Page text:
Far from even attempting to portray the catastrophe in cinematic terms, Hollywood producers opted instead to green light an endless stream of escapist features, leaving the harsh reality of the disaster well enough alone. Terrorist-themed thrillers, a staple of the industry for decades, were put on hold or shelved indefinitely.
It fell to the creative forces of Off-Broadway theatre to take on the formidable task of expressing our grief. A mere 12 weeks after the towers came down, Jim Simpson, artistic director of the Flea Theatre, debuted a one-act play that sought to expiate in intimate human terms the pain that thousands of New York families felt. Written by Anne Nelson, “The Guys” had a premise that is simple and direct: a fire captain, unaccustomed to speechwriting, is too consumed with grief to pen the eulogies for five of his men who perished in the collapse of the World Trade Center. He turns to a writer for help and over the course of several emotionally charged encounters they form a bond that transcends their differences of class and gender and helps them both cope with their trauma.
The play premiered with Sigourney Weaver and Bill Murray in the lead roles and ran for 13 months with an alternating cast that included Tim Robbins, Anthony LaPaglia, Amy Irving and Susan Sarandon. Its intimate nature and powerful message has now been brought to the big screen, losing none of the intimacy that made the stage version so compelling. LaPaglia plays Nick, the fire captain, a genial veteran of the NYFD that takes a fatherly interest in the men under him, and Sigourney Weaver reprised the role she created as Joan, the Upper West Side journalist he approaches for help with the eulogies.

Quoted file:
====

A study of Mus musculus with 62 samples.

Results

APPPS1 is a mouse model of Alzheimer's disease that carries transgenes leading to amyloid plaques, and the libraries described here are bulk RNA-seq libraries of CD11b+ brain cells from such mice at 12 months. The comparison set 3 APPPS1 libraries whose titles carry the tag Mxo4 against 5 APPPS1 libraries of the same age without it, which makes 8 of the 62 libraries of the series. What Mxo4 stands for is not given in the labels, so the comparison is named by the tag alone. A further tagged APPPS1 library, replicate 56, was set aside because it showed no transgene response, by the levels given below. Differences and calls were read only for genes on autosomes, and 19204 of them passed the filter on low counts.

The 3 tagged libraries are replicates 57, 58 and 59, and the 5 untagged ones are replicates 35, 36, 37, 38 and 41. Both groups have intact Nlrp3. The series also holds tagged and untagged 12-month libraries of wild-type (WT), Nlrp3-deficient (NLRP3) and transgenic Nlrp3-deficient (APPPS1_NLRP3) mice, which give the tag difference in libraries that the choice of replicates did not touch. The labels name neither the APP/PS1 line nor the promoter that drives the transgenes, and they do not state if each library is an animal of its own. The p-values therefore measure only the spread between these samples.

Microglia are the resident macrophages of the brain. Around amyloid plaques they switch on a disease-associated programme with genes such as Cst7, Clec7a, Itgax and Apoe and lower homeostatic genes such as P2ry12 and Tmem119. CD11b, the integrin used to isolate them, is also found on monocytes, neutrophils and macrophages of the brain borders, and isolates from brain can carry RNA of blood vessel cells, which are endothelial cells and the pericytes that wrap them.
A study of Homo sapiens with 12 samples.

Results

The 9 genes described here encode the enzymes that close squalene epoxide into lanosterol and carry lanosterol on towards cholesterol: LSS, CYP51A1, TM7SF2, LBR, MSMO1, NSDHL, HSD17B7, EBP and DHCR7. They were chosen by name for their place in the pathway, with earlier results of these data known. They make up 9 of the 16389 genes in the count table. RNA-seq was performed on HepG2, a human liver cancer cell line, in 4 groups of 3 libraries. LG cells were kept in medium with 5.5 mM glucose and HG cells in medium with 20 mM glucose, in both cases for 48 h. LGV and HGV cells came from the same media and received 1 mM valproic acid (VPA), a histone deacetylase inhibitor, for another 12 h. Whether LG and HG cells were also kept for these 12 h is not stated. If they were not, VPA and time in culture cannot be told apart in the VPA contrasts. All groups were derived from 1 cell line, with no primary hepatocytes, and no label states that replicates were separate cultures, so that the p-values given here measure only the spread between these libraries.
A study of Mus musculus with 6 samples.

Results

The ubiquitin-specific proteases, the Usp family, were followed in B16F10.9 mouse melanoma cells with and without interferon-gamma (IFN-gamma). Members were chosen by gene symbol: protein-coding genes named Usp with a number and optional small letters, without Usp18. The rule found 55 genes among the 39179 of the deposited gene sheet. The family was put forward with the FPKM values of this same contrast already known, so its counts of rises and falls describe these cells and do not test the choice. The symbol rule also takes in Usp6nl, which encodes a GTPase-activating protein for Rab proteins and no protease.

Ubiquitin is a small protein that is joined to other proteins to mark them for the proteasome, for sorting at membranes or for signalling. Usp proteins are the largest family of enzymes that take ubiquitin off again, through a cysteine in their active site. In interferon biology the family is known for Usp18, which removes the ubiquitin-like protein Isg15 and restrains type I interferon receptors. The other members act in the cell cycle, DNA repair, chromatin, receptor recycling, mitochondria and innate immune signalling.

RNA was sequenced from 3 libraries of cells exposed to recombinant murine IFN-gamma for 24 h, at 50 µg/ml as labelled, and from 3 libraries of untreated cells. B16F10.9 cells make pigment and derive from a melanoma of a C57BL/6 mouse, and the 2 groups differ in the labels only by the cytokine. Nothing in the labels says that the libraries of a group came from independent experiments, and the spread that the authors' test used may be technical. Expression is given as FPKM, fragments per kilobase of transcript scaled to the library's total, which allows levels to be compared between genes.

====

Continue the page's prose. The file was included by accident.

The filmmakers have thankfully resisted Hollywood’s tendencies to fatten up a lean story with redundant romance, news footage of the disaster and flashbacks of the firemen — the dead men are more powerful characters in their absence than if we were to see them in cameo in the days leading up to the their demise. The cataclysmic destruction is implied in oblique shots of debris from the towers, and the only appearance of the missing men on screen is a glimpse on the grainy security camera at the firehouse as they prepare to answer that 911 call from downtown. LaPaglia is never less than compelling as the fire captain, a shy, soft-spoken officer with a fondness for ballroom dancing and an acute discomfort with the writing task thrust upon him by this great tragedy.
There was never any question that Weaver, the director’s wife and a staunch supporter of the play from day one, would play the writer in the film version. Unfortunately she doesn’t do empathy. Her frosty demeanor and iron-jawed determination are better suited to the suburban tensions of Ang Lee’s “The Ice Storm” and the alien-bashing of Ridley Scott’s “Alien,” and despite two months of familiarity with the role onstage, she doesn’t achieve full defrost on the emotional meltdown that her role demands. But her star cachet generated the interest that got the film made and will guarantee a longer run in cinemas for this moving memorial to the 343 FDNY firefighters who went to work that day and didn’t come home. “The Guys” opens April 4.